There are many things I like about the Aviary. Of course, I like the drinks and the food. I always like spending time with the wonderful people who work there. And I like the feeling of watching the Aviary grow and change, from opening weekend, to the development of tasting menus, to the introduction of the Kitchen Table. It’s fun to know that with each visit, there’s the chance to experience something new.
Then, a petite Rhubarb, light and tart, with ice made of Peychaud’s bitters. I hadn’t before realized that the ice was pink because of the bitters; discovering details like this on the second or third try is another reason to keep coming back.
A classic Pisco Sour arrives next. I never really liked Pisco Sours until I had the Aviary rendition, which is perfectly balanced and has just the right amount of lime and light-as-air egg white foam. After this, it might be one of my favorite drinks. With it came a bite of briny “chowder”, a fried ball filled with a soupy center.
The Ginger has been on the menu since day one, but it’s now made with finger limes, so there are clusters of tiny, juice-filled cells that crunch and pop like tobiko – a surprise in an otherwise familiar cocktail.
The Dark and Stormy is wrapped in a paper bag, a tongue-in-cheek presentation that really stands out against the meticulous elegance of the other cocktails. It’s a little silly, but it does make me smile. The drink itself is the first Dark and Stormy that tastes like the ones I had in the Caribbean – very spicy, a little sweet, and generous with the rum. I’m a big fan of whoever makes the Aviary’s homemade ginger beer.
Next to appear is a small Scots Pine. It’s always amazing to me how tequila, yuzu, and elderflower can end up tasting like beer, but they do. Perfect with salty, creamy potato bites.
|Dark and Stormy|
The Bitter is presented theatrically, with glasses upside down atop a smoldering barrel stave so they fill with smoke, before a cocktail of cognac, amaro, and apple brandy is poured in. To me, the residual faint aroma of wood smoke evokes sense memories of winter nights in the mountains at Tahoe.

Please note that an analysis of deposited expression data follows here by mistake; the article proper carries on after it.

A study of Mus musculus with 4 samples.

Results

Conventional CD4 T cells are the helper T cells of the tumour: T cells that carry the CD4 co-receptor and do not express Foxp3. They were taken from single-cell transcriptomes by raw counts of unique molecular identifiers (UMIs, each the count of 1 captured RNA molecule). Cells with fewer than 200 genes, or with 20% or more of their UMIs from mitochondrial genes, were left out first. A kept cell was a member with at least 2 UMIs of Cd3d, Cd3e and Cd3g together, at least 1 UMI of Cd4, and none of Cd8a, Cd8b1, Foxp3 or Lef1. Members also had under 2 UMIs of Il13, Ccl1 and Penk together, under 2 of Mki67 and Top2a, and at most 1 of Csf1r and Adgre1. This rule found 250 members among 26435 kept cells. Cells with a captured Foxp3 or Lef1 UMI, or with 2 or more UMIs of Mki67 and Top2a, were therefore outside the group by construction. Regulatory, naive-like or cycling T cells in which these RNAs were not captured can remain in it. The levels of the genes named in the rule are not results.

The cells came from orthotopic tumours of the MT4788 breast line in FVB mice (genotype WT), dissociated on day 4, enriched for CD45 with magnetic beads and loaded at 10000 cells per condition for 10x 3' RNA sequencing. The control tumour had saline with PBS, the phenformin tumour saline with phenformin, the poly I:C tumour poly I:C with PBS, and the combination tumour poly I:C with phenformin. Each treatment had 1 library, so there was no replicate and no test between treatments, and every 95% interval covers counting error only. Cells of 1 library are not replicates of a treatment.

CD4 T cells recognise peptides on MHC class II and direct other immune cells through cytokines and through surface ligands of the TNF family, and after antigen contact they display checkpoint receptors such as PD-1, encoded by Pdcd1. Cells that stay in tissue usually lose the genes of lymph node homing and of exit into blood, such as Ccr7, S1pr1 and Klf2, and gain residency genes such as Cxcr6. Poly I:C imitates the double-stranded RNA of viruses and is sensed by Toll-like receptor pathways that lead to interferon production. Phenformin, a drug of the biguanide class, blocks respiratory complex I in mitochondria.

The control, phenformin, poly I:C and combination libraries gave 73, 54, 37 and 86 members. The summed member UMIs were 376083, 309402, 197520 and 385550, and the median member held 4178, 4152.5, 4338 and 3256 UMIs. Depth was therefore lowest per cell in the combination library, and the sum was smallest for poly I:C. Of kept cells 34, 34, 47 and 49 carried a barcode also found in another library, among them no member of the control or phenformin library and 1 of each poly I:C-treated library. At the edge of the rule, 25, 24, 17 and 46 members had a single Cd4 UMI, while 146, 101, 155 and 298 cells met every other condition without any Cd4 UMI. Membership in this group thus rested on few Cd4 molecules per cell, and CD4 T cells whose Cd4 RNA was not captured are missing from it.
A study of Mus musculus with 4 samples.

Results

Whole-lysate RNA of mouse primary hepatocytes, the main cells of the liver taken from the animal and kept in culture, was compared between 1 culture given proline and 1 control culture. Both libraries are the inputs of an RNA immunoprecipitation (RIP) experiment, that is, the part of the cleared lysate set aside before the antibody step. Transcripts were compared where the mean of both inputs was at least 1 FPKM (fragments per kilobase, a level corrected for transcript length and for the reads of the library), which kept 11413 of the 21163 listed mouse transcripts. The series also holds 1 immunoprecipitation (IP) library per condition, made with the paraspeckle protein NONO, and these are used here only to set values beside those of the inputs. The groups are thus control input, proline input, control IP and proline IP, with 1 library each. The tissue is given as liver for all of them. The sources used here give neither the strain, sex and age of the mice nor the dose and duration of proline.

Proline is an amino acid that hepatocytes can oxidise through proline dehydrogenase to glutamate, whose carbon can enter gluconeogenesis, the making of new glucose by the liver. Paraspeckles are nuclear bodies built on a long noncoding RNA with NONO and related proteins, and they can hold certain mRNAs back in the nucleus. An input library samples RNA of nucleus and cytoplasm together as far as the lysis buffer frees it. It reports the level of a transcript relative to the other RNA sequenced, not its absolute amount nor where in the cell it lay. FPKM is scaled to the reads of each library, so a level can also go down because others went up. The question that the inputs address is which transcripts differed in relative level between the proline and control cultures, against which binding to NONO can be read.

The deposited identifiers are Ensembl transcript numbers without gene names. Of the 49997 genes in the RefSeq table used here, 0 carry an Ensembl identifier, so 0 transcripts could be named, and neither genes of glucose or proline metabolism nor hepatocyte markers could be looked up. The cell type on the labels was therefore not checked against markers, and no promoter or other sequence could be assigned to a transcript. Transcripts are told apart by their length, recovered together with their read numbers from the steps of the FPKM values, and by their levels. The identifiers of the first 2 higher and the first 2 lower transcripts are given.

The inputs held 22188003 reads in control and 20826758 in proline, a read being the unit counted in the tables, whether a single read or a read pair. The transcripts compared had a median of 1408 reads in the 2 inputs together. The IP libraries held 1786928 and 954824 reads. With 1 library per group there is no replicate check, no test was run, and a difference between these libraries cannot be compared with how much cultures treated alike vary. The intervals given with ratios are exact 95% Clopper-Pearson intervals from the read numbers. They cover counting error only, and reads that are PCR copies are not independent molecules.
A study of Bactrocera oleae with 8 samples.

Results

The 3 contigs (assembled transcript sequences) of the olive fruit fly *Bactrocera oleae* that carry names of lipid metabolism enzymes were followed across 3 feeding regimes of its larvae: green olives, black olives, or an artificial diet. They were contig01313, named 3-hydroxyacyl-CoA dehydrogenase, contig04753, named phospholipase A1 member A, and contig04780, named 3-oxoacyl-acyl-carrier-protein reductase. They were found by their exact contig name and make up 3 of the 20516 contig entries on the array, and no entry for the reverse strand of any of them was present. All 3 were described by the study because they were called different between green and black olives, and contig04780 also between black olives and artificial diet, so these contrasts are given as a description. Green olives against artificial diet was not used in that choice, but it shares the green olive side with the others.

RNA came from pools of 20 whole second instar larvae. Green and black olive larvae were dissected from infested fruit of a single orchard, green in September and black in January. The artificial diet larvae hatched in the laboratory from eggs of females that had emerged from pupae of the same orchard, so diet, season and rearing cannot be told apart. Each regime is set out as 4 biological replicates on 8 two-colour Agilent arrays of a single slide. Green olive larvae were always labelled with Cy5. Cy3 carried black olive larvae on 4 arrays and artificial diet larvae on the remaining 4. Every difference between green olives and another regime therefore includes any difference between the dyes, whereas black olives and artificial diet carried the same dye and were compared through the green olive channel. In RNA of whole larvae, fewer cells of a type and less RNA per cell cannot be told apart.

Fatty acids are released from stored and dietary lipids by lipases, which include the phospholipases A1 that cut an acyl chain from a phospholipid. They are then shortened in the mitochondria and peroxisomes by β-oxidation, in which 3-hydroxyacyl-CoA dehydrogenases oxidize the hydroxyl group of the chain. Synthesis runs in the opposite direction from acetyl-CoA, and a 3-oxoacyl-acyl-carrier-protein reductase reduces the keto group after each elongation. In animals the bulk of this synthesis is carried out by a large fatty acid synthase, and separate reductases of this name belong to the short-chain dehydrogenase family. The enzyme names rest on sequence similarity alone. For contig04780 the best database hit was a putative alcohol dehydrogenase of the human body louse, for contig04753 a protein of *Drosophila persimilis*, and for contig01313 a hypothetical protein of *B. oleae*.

Rooibos appears next, its complex apparatus now familiar. I wonder if it will stay on the menu into the summer, since “comforting and tea-like” probably isn’t a profile most people look for in hot weather. On a cool spring night, though, it’s lovely to sip.
|Rooibos being prepared|
The Rooibos serves as a transition into dessert, along with the subsequent course, a small glass of New Glarus Belgian Red served with a bite of brioche. I hadn’t heard of New Glarus before; it’s a small brewery in Wisconsin that doesn’t distribute outside of the state, so having it in Chicago is considered a treat. The Belgian Red, made with Door County cherries, is tangy and complex.
|New Glarus Belgian Red|
The bright and sparkling Rootbeer (fka Sassafras) does a good job of waking up the palate for the home stretch. We lingered over this course a bit, sipping slowly to let the vanilla-infused ice melt into the drink.
By now, the area outside the cage was crowded with eager patrons and orders were coming in quickly. The atmosphere in the kitchen remained cool and confident – no panic, no stress, no mistakes. I found it a little disconcerting to have strangers pressing up against the wire of the cage to peer inside (or against the window); I suppose it’s something the chefs get used to ignoring quickly.
The final course is Cold Chocolate, the frozen milkshake cousin of the Hot Chocolate. The inside of the glass is coated with an icy layer of something creamy and vanilla, and a cold mixture of chocolate, tequila, and fernet goes into the center before being topped by frothed milk. It’s a decadent way to finish the meal.
All that remains is a miniature final cocktail, a Cynar flip of sorts, which everyone at Aviary receives at the end of their visit. Ours was delivered along with a menu commemorating our Kitchen Table experience, which listed this course as the “Lagniappe”. No, that’s not the name of the drink, as I thought it might be; turns out it’s a New Orleans word that roughly equates to the thirteenth donut in a baker’s dozen, a little something extra. Considering that I can divert myself for hours looking up etymologies in the OED, perhaps discovering a new word was the perfect, unexpected way to end the tasting.